When most people talk about rising disposable incomes, the knee-jerk reaction tends to be one that involves China or India. While those are natural reactions and are key drivers for our Rise of the New Middle-class investing theme, we are seeing the same begin to unfold in Africa as auto companies invest for what they see as a vibrant market in the coming years. That compares to an auto market in the mature markets that is primarily driven by replacement demand and faces an uncertain volume future longer-term due to prospects associated with autonomous vehicles.
On the flipside, the investments in making North Africa a car manufacturing hub and the better-paying jobs that follow are helping speed the rise of the new middle-class in the region. That bodes well for companies ranging from Colgate Palmolive, Proctor & Gamble, Clorox and the other rising tailwinds associated with our Rise of the New Middle-class investing theme.
Auto manufacturers are betting on Africa as the next growth frontier, and they’re building a new production hub to power it.
In a rare industrialization success story for the continent, some of the largest car makers have been transforming North Africa into the world’s newest car-manufacturing cluster. Volkswagen AG , Renault SA, Peugeot SA, Hyundai Motor Co. and Toyota Motor Corp. have invested billions in Africa in recent years, drawn by growth prospects that maturer auto markets no longer offer. New-car sales in the U.S., China and Europe are ebbing after a bumper decade.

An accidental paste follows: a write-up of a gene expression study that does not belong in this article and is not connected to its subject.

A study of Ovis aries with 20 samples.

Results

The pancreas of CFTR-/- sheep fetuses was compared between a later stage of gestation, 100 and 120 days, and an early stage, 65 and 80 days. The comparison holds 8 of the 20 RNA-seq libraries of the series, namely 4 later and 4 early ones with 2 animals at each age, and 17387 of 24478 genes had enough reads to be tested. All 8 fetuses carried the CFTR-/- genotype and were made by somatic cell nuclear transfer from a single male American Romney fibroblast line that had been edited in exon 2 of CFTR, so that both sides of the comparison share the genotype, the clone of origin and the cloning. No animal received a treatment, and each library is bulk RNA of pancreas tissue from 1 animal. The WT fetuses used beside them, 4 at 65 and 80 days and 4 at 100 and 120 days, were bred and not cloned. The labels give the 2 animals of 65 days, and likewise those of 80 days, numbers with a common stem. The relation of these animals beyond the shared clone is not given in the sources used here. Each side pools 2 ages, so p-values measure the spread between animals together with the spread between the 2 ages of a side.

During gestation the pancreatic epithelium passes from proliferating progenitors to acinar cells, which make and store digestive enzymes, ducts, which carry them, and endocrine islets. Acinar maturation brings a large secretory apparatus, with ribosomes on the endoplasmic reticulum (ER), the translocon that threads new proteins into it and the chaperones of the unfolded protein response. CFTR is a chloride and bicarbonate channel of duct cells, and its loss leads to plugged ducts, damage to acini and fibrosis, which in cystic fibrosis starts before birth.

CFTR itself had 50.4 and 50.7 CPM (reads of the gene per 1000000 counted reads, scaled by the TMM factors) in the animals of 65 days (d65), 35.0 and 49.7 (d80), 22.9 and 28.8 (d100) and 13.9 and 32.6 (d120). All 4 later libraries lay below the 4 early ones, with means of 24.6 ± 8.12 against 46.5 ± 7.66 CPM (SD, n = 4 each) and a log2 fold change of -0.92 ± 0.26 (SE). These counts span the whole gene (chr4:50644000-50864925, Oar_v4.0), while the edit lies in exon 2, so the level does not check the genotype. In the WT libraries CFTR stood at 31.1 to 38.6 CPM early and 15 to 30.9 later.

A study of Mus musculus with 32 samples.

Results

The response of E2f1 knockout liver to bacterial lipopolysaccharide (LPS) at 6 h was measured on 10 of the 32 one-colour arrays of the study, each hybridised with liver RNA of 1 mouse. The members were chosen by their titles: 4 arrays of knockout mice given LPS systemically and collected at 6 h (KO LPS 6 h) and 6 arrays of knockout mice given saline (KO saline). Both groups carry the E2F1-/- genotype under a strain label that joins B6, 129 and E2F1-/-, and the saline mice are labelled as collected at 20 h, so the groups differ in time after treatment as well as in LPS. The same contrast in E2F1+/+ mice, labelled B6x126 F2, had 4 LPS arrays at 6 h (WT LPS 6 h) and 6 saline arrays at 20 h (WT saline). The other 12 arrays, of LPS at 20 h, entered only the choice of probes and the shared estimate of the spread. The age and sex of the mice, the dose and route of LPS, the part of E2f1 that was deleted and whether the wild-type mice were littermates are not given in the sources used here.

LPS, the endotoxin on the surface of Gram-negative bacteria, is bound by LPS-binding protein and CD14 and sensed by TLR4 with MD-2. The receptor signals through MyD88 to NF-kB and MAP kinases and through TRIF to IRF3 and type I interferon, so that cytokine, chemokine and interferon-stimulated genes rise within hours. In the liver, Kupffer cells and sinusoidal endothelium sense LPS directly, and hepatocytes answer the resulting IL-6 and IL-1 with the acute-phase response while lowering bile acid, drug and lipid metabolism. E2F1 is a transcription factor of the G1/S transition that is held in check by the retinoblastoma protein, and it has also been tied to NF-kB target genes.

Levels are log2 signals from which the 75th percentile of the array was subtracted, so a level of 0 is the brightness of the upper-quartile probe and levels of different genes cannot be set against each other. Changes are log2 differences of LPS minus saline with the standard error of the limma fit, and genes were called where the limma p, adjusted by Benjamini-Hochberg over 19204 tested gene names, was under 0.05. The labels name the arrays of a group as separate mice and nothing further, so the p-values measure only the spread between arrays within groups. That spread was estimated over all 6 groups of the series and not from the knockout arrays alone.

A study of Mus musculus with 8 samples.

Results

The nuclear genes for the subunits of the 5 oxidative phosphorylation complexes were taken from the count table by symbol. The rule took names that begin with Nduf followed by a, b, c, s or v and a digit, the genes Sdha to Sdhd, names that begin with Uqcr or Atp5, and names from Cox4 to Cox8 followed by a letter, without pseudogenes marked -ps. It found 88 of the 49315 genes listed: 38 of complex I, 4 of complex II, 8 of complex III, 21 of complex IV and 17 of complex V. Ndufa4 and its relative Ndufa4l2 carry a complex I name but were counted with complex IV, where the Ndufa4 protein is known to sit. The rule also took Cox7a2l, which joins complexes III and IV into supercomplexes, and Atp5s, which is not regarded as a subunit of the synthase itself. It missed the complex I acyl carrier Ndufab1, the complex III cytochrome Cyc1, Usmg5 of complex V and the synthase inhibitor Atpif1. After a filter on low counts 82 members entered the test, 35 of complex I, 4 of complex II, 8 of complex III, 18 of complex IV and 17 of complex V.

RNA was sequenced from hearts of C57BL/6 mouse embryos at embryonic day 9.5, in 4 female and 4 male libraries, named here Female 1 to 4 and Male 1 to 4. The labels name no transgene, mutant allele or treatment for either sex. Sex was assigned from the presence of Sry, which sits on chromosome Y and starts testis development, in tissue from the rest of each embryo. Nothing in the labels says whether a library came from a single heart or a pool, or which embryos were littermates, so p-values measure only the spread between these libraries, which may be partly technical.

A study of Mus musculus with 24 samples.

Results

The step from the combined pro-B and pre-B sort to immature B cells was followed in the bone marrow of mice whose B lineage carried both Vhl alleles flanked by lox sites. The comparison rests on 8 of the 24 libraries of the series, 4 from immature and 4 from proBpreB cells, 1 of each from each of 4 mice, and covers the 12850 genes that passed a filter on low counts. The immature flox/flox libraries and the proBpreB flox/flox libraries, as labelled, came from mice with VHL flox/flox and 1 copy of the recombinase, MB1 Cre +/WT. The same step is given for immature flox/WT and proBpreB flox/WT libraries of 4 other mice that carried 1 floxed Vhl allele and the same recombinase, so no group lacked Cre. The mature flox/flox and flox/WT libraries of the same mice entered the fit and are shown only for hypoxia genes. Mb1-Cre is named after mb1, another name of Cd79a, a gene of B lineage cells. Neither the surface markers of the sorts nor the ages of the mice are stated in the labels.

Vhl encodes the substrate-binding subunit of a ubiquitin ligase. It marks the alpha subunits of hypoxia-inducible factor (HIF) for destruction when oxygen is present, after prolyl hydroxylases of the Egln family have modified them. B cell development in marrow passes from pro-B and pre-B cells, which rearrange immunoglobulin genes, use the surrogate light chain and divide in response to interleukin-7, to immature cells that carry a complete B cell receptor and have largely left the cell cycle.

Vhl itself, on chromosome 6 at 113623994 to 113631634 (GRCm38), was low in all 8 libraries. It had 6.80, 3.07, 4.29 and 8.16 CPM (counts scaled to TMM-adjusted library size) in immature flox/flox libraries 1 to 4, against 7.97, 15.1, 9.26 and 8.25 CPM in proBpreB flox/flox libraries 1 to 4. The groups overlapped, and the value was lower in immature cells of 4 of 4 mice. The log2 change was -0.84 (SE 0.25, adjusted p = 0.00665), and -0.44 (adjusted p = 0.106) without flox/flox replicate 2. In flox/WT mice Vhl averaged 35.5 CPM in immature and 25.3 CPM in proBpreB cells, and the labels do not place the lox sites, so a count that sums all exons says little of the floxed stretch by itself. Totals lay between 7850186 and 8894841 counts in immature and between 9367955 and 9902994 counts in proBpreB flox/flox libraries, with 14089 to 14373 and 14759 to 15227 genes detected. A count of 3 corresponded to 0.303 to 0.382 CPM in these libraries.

While still a small market, the Middle East and Africa are expected to have 90 million vehicles on the road by 2040, up from 59 million today, according to OPEC forecasts.
Foreign direct investment in North Africa rose from just under $5 billion in 2011 to $12 billion in 2016, largely driven by auto makers’ investment, according to Frost & Sullivan, an industry research group.